Posted on 5.07.2015

By Maria Shinkevich, MGID


Somewhere deep within the halls of a sprawling Mountain View Googleplex corporate campus, some buttons were pressed and with a single motion, the algorithm changed. Legions of online publishers watched as the weight of the algorithm descended and waited in horror to see if their Google ranks would plummet and traffic would bottom out.

Mobilegeddon had arrived.

Even if publishers were prepared for the inevitable favoritism Google would give toward sites better optimized to mobile, they may not be as optimized as they can be. So for those that are still trudging through the dystopian future of yet another Google algorithm change, here are some common mistakes that publishers make and how to avoid them. While you probably have your strategy in place, it's good to look at some things you might be forgetting.

Before you do anything,  choose your mobile configuration

First things first, make sure you have a mobile strategy in place, whether you choose a separate mobile version, a responsive design or dynamically served content solution. The configuration you choose is entirely dependent upon what visitors are going to do on your site from a mobile device. Take a look at Googl'¹s configuration article here.

1. Mobile-Friendly Theme

If your current theme is not mobile-friendly maybe it's time for a total redesign instead of adjusting the old theme? There are a variety of ready-to-use responsive themes offered by third-party vendors for reasonable prices. Especially if your website is built on a platform like WordPress, there are many free an inexpensive templates Web teams can easily install or customize.

2. Tracking and Analytics

Mobile needs to be measured just like desktop. Make sure you have all your tracking codes in place, be it Google Analytics or your preferred system, for tracking and analysis. You may want to set up a different tracking for mobile versus desktop targeted towards mobile-specific behavior.

3. Desktop vs. Mobile Page Connections

If your strategy is to have a separate mobile version of your site, don't forget to properly set up the connections. Use the rel="alternate" tag and rel="canonical" tags. It's something we all know, but often forget about. 

4. Missing Pages

What if your mobile site has fewer pages than your desktop site? Well, anything is better than 404 page. You can show the desktop version instead or offer a choice between desktop version and homepage. Another option is showing a search field or menu so the user can get to the content they wanted.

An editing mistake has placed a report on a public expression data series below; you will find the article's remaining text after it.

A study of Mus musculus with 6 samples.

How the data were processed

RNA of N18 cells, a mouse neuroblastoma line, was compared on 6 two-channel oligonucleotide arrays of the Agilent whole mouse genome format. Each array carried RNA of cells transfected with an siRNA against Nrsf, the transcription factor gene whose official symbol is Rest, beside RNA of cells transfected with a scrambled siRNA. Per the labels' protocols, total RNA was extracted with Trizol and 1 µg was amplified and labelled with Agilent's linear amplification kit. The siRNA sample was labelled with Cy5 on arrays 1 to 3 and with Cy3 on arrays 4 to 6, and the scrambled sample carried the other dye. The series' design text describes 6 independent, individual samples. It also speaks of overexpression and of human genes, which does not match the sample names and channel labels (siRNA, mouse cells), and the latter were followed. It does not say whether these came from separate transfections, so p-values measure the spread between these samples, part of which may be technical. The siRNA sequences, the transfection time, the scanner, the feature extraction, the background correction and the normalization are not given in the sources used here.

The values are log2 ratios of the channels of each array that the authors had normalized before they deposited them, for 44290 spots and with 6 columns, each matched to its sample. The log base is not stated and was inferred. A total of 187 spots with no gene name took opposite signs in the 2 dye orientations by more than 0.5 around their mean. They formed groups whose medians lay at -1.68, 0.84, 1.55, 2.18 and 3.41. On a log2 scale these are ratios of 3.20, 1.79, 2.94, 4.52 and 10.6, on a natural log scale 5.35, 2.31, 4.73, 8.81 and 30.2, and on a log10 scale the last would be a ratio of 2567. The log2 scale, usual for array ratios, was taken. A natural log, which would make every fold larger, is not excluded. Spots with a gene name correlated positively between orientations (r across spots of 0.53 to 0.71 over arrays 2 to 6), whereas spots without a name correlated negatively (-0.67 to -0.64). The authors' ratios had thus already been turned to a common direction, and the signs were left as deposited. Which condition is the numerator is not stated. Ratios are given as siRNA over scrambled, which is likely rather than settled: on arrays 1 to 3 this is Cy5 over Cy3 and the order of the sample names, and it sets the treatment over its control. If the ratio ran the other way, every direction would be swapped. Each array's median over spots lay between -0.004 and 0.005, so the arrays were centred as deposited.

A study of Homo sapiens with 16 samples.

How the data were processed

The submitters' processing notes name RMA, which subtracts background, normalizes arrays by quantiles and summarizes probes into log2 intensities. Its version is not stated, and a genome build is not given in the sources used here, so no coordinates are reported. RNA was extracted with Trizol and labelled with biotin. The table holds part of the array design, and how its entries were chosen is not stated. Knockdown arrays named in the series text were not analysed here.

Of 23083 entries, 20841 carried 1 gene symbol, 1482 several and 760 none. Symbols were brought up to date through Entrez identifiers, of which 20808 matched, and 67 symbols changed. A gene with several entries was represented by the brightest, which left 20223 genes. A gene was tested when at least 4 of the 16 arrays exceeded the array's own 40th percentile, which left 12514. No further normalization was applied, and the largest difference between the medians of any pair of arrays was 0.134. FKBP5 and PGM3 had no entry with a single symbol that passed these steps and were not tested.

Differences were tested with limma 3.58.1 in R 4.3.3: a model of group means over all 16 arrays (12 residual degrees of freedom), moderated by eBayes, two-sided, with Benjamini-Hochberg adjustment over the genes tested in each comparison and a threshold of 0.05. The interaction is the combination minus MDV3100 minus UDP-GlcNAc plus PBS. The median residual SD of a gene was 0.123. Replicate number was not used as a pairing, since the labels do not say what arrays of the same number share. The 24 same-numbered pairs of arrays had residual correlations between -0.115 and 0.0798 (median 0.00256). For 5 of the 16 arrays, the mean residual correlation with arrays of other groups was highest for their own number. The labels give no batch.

5. Third-Party Widgets

Be it social media widgets or content recommendation, they should look and work well with mobile devices. Most providers offer either responsive widgets or mobile specific versions or both. When it comes to making a decision responsive variants are more preferable as you don't have to arrange special software to serve the right version of a widget.

6. Unplayable Content

Make sure that your content is compatible with mobile platforms. Flash media, for example does not work on iOS platforms and there are many programs that can convert flash files into other usable formats. Take the time to look at Google's common playable content mistakes.

7. Business Processes

Mobile patterns result in totally different behavior, that's why mobile and desktop versions of the same website often dramatically differ. Leads coming in from mobile require a different approach, process and sales funnel. Businesses need to work through relevant procedures with employees and may even need to rethink the entire process.

While it sometimes feels like we live in a world that entirely exists upon the whims of Google's legendary algorithm, we don't have to be in a dystopia. The good news is that this change only affects your mobile search, not your desktop positions. Also, don't forget there are other sources of traffic besides Google, so even if you are not ready, it's not the end. Just take some time to learn how Google¹s changes affect your business and with some simple tweaks, it need not be a mobilegeddon for you.


Maria Shinkevich is the CMO of the native advertising pioneer MGID.